Some happier news (if not late--considering BS published this last Friday) in the face of a few weeks of hand wringing, Rick Sund bashing, and getting our white flags freshly laundered heading into the playoffs.
Bill Simmons, he of eternal NBA fan guy mindset, has declared that our Al Horford is deserving of recognition on the ALL-NBA scale.
My All-NBA teams look like this ...
First team: Dwight Howard, Derrick Rose, Dwyane Wade, LeBron James, Dirk Nowitzki. Not sure how anyone can make a case for Kobe over Wade: Wade is a more efficient scorer, he's a better defender, he carried a bigger load from night to night, he rated better with any advance metric you can name (PER, win shares, whatever), and he was playing three-on-five every night. It's no contest. Props to Kobe for gutting it through the season on achy knees without practicing, but if he switched places with Wade this season, the Lakers may have been even better, but there's no way in hell that Miami would have been as good. Period. Your only case for Kobe over Wade is this YouTube clip. That's it.
Second team: Amare Stoudemire, Kobe Bryant, Russell Westbrook, Kevin Durant, Pau Gasol. Tough call between Kevin Garnett (the league's best defensive big man other than Howard) and Gasol (the league's most efficient low-post player). I went with Gasol because I'd rather have Gasol for 37 minutes a game than Garnett for 31 (that's what they average this season), and because any Lakers fan who just emailed me to complain about Kobe/Wade now feels stupid for calling me a Laker hater.
Third team: Al Horford, Garnett, Rajon Rondo, Chris Paul and ... Zach Randolph? Paul Pierce? Carmelo Anthony? Blake Griffin? Aldridge was the best of the bunch. The Blazers had every right to pack it in after Oden and Roy went down; Aldridge wouldn't let them.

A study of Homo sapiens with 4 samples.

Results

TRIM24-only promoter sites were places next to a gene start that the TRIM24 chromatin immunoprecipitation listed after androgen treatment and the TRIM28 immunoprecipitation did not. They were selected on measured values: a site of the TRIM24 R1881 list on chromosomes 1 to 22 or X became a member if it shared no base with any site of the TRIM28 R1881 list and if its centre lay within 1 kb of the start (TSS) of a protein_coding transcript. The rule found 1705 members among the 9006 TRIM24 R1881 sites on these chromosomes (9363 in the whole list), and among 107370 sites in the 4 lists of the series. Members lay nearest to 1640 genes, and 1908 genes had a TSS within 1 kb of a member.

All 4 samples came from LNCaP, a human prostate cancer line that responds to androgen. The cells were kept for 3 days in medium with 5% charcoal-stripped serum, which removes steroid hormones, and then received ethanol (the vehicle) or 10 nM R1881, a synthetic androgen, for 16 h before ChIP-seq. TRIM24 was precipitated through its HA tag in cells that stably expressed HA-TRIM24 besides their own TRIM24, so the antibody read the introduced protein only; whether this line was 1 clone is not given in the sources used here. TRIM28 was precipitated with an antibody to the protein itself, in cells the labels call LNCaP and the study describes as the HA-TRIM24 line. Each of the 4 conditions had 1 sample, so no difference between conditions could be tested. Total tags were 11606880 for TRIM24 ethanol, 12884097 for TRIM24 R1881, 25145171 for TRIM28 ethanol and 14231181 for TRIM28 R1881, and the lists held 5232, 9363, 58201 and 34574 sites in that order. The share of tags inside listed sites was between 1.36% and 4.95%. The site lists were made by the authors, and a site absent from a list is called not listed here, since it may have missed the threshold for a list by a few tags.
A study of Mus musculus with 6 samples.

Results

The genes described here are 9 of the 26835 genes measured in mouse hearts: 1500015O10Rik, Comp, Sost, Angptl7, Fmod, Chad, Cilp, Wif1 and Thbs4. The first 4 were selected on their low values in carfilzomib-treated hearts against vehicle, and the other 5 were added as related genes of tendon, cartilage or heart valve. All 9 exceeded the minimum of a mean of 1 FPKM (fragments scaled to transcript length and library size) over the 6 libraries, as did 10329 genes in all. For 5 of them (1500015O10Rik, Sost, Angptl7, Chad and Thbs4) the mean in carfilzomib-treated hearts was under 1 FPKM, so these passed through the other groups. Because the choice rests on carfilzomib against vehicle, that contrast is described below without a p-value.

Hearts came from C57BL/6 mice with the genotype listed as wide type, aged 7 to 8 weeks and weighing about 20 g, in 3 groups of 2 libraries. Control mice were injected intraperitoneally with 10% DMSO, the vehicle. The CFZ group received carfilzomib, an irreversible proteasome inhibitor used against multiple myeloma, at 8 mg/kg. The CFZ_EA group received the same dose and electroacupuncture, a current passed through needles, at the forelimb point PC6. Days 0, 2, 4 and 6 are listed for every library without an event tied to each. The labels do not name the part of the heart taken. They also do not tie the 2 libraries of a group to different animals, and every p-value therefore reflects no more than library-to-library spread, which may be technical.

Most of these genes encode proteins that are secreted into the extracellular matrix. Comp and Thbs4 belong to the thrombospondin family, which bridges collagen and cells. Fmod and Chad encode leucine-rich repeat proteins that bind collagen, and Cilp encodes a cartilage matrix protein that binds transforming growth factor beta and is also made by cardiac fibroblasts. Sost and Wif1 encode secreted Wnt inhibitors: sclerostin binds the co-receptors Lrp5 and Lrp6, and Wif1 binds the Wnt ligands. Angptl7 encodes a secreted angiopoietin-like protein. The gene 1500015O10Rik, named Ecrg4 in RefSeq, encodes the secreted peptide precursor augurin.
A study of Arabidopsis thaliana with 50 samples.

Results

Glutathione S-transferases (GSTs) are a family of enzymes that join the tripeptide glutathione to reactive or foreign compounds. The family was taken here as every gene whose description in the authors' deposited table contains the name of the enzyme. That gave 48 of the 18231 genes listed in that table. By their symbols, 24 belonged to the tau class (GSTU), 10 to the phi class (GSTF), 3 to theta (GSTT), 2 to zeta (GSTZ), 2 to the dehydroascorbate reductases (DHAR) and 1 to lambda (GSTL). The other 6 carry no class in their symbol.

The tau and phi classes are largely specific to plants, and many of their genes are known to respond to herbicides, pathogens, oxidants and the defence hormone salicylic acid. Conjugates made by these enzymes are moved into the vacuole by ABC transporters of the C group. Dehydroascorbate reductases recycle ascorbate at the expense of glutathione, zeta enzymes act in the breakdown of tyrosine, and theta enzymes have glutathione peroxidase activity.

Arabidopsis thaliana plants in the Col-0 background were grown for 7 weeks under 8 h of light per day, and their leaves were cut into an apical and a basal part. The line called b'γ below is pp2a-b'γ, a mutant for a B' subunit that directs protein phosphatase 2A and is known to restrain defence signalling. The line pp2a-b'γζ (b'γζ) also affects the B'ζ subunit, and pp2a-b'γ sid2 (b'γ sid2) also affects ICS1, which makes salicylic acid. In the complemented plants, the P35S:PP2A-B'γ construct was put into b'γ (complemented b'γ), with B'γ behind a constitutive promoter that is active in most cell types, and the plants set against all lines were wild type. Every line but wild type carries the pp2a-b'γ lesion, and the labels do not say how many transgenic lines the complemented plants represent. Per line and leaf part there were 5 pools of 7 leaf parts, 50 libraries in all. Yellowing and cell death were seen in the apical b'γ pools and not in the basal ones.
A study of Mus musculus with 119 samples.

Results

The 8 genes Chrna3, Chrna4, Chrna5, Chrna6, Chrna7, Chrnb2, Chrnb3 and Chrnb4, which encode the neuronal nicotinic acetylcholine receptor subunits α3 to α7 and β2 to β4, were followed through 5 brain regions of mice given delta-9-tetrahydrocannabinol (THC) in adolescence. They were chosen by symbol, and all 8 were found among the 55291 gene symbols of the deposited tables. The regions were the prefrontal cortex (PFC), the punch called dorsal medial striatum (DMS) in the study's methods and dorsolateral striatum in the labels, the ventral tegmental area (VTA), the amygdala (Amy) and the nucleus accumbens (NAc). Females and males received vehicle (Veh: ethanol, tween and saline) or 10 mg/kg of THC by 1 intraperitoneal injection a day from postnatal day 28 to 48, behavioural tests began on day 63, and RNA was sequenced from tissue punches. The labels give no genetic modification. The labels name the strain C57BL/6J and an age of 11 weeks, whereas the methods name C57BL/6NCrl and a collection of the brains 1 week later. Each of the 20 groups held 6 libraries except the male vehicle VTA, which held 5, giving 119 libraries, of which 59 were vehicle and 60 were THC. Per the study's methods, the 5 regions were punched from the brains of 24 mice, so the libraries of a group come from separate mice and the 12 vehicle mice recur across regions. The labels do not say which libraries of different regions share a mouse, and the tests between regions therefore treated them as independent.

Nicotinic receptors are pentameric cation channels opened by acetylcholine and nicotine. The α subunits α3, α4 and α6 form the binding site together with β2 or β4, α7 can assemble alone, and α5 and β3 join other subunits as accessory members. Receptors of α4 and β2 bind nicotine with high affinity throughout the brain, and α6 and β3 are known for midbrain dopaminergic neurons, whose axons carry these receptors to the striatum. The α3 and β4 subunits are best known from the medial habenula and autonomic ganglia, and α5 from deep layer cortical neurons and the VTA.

There have been a number of nit-picky, but valid critiques of Al this season. The biggest? Becoming more of a finesse player offensively, an accusation validated by his more than double shot attempts from 16-23 feet, a drop in shots at the rim, and a significant drop in free throw rate this season from last.
Of course, those are just the stat head voices in me talking. Taking the Derrick Rose for MVP side of the argument, too--the seeing is believing group, I would say that Horford's tendency to shy away from bigger players has not gone away, and his proficiency in his outside shot has helped take away the need to get past that matchup issue. Horford still tends to defer when it comes to fourth quarter action, even if it means he passes on a 17 foot shot to give Josh Smith a 21 footer. Not good.
But for the specks in the eye of Horford's game, there is plenty to understand why Simmons regards Horford as ALL-NBA.
Despite taking more shots from the outside and taking fewer free throws, his True Shooting percentage is almost the same as last years. Meanwhile, his turnover rate has gone down while his assist rate has ballooned, easily leading starting centers in assist/turnover ratio.
All of this while being the guy Larry Drew asks to defend the center position, the tough power forward matchups Josh Smith can't handle, Steve Nash down the stretch, LeBron James the other night, etc.
In other words, even though he floated outside offensively like Josh Smith has, at least Al has been as productive and efficient--more so, actually---while maintaining his intensity inside, and proving himself the most useful channel that the offense can flow through.
Sometimes it's easy to say what one hasn't done or can't do rather than celebrate what the player is doing. Al Horford deserves the national praise that Bill Simmons recognizes (and, btw, it wasn't as if he debated it. Al was a no doubter.) and our own as well.
Here's hoping that, in a disappointing and cloudy regular season, an All-NBA slot is afforded to a guy who has obviously earned it.